Tuesday, December 18, 2018

Sermon for 12/18/18: Midweek Advent III (Hymns of Advent series)


Grace to you and peace from God our Father, and from our Lord and Savior Jesus Christ.  Amen. 

The third and final hymn we will look at and consider this Advent season is O Come, O Come, Emmanuel. The hymn itself is based on what are known as the seven “O Antiphons,” which may date back to the 5th Century. These prayers came to be special and well-loved of the Church, building up the hearts of the faithful as they moved toward the celebration of Christmas, teaching what the celebration of Christmas was all about. Each antiphon contains a title of Christ, a description of that title, and then a request, a prayer. We’d be here all week if we tried to go through them all. But consider the antiphon from which the hymn gets its title:
O Emmanuel, our king and our Lord,
the anointed for the nations and their Savior:
Come and save us, O Lord our God.
            Emmanuel is a Hebrew word which means “God with us.” During the holidays we treasure having family and friends with us. But our Lord does even better: He make His dwelling place among us. God is with us—but not to destroy us as we deserve. God in flesh has come to save us. In mercy He has come to bring us back from our exile in sin, to bring us back into His family by the forgiveness of our sins.
            Matthew the Evangelist doesn’t tell the beautiful story of our Lord’s birth the way Luke does; he bypasses the story of the birth in the stable. He doesn’t tell it in beautiful picture language the way John does. Matthew described it plainly, how our Lord Jesus was born. But this birth was anything but ordinary! A virgin conceives and bears a Son. And this Son is Emmanuel, God with us, the Word made flesh to dwell among His people. He has come to be one of us, to release us from our bondage to sin and death. You know the truth about yourself and our human race. There was nothing we could do to free ourselves. We needed to be saved, which means we needed someone to be our Savior. And this Child in the manger is that one. God comes in mercy and gentleness, to save us in our great need. He is Emmanuel, God with us. Our Creator is our Savior; our King is our Brother.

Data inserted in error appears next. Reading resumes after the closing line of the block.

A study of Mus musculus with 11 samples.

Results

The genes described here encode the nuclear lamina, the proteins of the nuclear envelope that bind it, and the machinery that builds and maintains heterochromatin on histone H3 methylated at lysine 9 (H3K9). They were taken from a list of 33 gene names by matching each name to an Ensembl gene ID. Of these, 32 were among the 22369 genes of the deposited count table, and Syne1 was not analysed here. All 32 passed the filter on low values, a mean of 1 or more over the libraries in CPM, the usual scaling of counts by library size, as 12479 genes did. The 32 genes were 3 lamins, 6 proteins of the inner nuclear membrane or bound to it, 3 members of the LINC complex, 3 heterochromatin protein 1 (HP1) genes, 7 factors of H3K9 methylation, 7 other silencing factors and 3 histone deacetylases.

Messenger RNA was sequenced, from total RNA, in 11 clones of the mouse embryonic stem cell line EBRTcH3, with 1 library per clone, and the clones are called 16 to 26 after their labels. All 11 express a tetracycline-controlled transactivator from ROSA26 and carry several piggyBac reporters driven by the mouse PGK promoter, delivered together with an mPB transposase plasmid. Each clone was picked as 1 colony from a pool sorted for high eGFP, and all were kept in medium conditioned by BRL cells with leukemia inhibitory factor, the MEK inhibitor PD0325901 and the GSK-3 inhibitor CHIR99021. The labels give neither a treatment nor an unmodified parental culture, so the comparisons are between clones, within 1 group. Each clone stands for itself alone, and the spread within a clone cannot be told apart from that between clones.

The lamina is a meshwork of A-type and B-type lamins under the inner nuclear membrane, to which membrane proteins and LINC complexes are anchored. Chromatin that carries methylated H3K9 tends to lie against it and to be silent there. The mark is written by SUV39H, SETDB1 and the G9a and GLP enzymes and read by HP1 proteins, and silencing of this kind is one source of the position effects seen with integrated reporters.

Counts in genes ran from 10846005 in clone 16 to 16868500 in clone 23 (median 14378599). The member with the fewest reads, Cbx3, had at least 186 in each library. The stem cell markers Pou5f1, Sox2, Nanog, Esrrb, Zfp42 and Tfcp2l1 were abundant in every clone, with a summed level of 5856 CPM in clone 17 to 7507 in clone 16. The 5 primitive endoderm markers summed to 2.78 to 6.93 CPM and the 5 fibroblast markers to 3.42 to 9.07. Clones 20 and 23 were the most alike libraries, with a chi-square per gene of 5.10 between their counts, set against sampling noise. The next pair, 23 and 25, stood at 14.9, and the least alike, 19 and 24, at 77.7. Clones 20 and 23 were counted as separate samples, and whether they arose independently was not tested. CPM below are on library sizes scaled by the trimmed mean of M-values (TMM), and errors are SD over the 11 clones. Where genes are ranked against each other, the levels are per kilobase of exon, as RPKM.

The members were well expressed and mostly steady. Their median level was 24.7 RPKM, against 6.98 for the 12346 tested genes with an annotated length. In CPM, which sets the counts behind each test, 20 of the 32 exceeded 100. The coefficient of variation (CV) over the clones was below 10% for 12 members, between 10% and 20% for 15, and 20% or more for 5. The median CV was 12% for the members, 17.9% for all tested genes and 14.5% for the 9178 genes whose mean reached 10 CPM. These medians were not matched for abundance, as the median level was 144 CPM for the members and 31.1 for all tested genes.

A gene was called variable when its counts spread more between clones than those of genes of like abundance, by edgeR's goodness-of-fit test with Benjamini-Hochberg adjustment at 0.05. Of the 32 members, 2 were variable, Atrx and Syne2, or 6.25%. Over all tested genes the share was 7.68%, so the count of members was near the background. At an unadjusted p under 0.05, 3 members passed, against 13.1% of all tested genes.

And so we rejoice. How can we not? And we also sing for Him to come again! We pray for Him to come and take us home, to where the rejoicing will never cease. For the day is coming when He will come, when He will wipe away every tear from our eyes. Our joy will be joined to the joy of the angels and archangels and all the company of heaven. That’s what Advent’s all about. And that’s what our Savior is all about. And so we pray:
O come, O come, Emmanuel,
And ransom captive Israel,
That mourns in lonely exile here
Until the Son of God appear.
Rejoice! Rejoice! Emmanuel shall come to thee, O Israel!
In the name of the Father and of the Son (†) and of the Holy Spirit. Amen.

The peace of God which passes all understanding will keep your hearts and minds in Christ Jesus always. Amen.